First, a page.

They tend to have short first names... like this Bill Gates fellow
You may have seen recent headlines about a surprising correlation between the amount of sex someone has in their off hours and how large their paychecks are. (Short version: More sex = more money.)
The study has attracted a fair amount of attention, presumably because people appreciate it when two individually enjoyable things — sex and money, in this case — become one, like the cronut. But more sex is not all that separates the Bourgeois from the down-on-his-luck everyman. Here, a short list of other things correlated with being wealthy:
1. They're happier
Money apparently can buy you happiness.
A study from April by economist Betsey Stevenson and Justin Wolfers found a clear correlation between wealth and self-described "happiness" spanning several different countries worldwide. "While there are some differences in the slopes, the more remarkable feature is simply that for every country, the relationship estimated at low incomes appears to hold in roughly equal measure at higher incomes," wrote the study's authors.
The important caveat is that original income level didn't appear to matter. For example: A doubling of wealth produces the same percent change in happiness whether that initial income was $1,000 or $1,000,000. Apparently, it's all relative.
2. They drive like jerks
Social scientist Paul K. Piff at the University of California, Berkeley, wanted to know if rich people behaved differently when behind the wheel of an expensive vehicle with luxuries like working AC and FM radio. So he set up a study to observe how drivers of different vehicles responded to pedestrians, as well as at multi-stop intersections.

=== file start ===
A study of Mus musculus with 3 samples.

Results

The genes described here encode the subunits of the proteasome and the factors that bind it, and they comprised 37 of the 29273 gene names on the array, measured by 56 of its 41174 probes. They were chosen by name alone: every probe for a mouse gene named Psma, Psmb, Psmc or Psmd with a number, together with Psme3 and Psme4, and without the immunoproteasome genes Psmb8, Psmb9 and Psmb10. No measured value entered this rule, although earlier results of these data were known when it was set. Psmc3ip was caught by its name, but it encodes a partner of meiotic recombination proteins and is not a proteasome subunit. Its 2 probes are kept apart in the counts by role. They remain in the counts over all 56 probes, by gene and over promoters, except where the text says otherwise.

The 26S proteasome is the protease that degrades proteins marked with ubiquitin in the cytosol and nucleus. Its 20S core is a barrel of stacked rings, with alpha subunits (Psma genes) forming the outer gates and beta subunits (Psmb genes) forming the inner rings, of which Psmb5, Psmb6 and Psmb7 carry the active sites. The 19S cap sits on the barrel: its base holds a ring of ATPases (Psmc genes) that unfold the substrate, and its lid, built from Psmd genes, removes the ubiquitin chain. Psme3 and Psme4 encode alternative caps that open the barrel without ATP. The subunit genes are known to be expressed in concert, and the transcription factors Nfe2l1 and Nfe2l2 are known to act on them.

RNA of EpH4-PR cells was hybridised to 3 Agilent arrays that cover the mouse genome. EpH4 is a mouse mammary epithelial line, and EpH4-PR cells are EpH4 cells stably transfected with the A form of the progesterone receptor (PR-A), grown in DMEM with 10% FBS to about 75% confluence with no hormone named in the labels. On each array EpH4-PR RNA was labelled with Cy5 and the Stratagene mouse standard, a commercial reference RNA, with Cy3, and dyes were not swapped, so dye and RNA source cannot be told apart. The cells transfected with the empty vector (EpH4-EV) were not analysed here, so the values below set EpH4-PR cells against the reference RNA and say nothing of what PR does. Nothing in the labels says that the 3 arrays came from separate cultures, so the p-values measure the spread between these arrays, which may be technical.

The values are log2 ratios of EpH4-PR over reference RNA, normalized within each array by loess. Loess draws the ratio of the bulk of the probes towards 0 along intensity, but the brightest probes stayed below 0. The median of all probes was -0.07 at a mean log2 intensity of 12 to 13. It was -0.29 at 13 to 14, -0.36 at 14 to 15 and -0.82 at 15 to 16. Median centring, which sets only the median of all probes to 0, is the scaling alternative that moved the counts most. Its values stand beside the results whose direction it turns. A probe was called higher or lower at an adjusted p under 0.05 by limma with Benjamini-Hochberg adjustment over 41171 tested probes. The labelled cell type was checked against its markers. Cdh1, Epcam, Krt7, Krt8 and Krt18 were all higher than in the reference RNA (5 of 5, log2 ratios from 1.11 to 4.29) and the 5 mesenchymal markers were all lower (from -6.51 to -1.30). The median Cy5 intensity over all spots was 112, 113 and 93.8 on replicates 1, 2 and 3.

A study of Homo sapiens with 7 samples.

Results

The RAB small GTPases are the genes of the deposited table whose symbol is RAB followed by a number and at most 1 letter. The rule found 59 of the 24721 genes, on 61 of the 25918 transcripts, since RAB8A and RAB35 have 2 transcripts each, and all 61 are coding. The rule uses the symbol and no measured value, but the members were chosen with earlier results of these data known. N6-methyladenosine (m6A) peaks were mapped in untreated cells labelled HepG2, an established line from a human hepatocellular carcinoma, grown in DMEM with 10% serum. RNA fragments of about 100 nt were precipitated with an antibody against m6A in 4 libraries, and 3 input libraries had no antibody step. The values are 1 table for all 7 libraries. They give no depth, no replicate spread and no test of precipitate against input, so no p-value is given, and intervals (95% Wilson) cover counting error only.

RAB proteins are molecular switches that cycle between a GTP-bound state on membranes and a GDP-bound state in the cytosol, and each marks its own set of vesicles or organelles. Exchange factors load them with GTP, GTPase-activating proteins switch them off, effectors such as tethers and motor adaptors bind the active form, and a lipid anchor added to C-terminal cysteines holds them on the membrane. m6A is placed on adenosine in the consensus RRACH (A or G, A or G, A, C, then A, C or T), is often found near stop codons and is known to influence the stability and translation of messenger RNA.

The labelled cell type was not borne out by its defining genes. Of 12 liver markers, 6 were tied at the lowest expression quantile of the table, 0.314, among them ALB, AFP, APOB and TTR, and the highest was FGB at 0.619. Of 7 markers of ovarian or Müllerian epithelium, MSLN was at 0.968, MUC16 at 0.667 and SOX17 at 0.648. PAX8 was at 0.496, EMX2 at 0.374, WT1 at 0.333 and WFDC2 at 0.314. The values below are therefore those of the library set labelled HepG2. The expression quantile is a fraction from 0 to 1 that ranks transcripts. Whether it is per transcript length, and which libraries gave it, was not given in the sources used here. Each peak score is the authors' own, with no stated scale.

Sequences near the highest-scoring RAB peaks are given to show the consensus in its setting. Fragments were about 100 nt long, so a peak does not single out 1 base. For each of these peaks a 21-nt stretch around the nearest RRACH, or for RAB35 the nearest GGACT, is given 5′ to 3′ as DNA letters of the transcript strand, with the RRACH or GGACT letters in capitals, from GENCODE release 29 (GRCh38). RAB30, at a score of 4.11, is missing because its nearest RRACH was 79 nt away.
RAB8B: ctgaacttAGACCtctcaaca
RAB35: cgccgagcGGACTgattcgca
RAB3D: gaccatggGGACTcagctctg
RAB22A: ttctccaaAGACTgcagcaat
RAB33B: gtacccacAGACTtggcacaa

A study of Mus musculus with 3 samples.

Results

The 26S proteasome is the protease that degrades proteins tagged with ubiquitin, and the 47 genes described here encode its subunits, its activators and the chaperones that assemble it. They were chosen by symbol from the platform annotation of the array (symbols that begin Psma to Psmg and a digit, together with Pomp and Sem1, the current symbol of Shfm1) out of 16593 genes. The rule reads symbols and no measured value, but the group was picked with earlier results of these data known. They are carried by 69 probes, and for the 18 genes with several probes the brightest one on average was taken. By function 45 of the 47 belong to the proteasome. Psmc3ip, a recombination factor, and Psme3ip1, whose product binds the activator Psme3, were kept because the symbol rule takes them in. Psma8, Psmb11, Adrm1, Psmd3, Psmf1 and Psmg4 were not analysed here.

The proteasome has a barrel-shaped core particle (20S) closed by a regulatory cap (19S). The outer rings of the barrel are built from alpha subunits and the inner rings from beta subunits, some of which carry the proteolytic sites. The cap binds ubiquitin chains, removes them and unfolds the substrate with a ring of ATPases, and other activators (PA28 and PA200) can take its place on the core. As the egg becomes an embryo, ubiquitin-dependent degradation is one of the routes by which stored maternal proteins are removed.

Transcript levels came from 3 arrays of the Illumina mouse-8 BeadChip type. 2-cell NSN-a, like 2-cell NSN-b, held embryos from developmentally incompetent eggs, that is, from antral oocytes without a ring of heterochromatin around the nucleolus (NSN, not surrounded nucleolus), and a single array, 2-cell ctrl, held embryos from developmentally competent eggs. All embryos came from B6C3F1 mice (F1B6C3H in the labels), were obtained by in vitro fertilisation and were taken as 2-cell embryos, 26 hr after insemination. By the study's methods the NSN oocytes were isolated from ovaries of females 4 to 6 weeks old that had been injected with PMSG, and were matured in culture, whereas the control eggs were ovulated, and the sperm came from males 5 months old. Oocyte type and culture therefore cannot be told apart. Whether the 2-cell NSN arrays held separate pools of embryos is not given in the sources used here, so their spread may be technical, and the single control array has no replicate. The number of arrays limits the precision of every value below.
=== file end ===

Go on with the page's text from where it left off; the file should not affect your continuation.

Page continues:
What did Piff discover? After observing 274 cars, the team found that more expensive vehicles were more likely to jump their turn at an intersection, or cut in front of pedestrians at a crosswalk. So-called "beater" cars, on the other hand, always stopped for someone trying to cross.
3. They're probably taller
A recent Australian study found that being 6 feet tall raises your annual income nearly $1,000 compared to your less vertically gifted counterparts.
"Our estimates suggest that if the average man of about 178 centimeters [5 feet 10 inches] gains an additional five centimeters [2 inches] in height, he would be able to earn an extra $950 per year — which is approximately equal to the wage gain from one extra year of labor market experience," says study co-author Andrew Leigh, an economist at Australian National University. The findings seem to corroborate a 2005 sample of Fortune 500 CEOs, who averaged about 6 feet.
Exactly why tall folks earn better wages is less clear. Researchers say it may have something to do with an added confidence boost. Or perhaps the air is just better up there.
4. They probably use Google
"If you're smart and rich, there's a good chance you use Google." That's a real line from a CNN Money story published today. It details a study conducted by an online advertising company you probably haven't heard of called Chitika, which found that people who use that Google thing tend to live in states with above-average median household incomes and above-average college graduation rates. Confoundingly, the data scientist responsible for the study declined to postulate on why the correlation occurs. Perhaps it's because Google controls a commanding two-thirds of the U.S. search market, which is a rather large Venn circle that, I'm guessing, might even contain a few rich people in it.
5. They probably have a short first name
Short, easy-to-process names may lead to higher salaries, according to research conducted by TheLadders.com. The findings suggest that for every extra letter in your first name, there was a $3,600 drop in salary on average, especially for people who willfully shortened their names. (Steve versus Stephen, for instance.)
The highest paid male names, in no special order, appeared to be: Tom, Rob, Dale, Doug, and Wayne. And the highest paid female names: Lynn, Melissa, Cathy, Dana, Christine. Exactly why this is, again, is left undiscussed.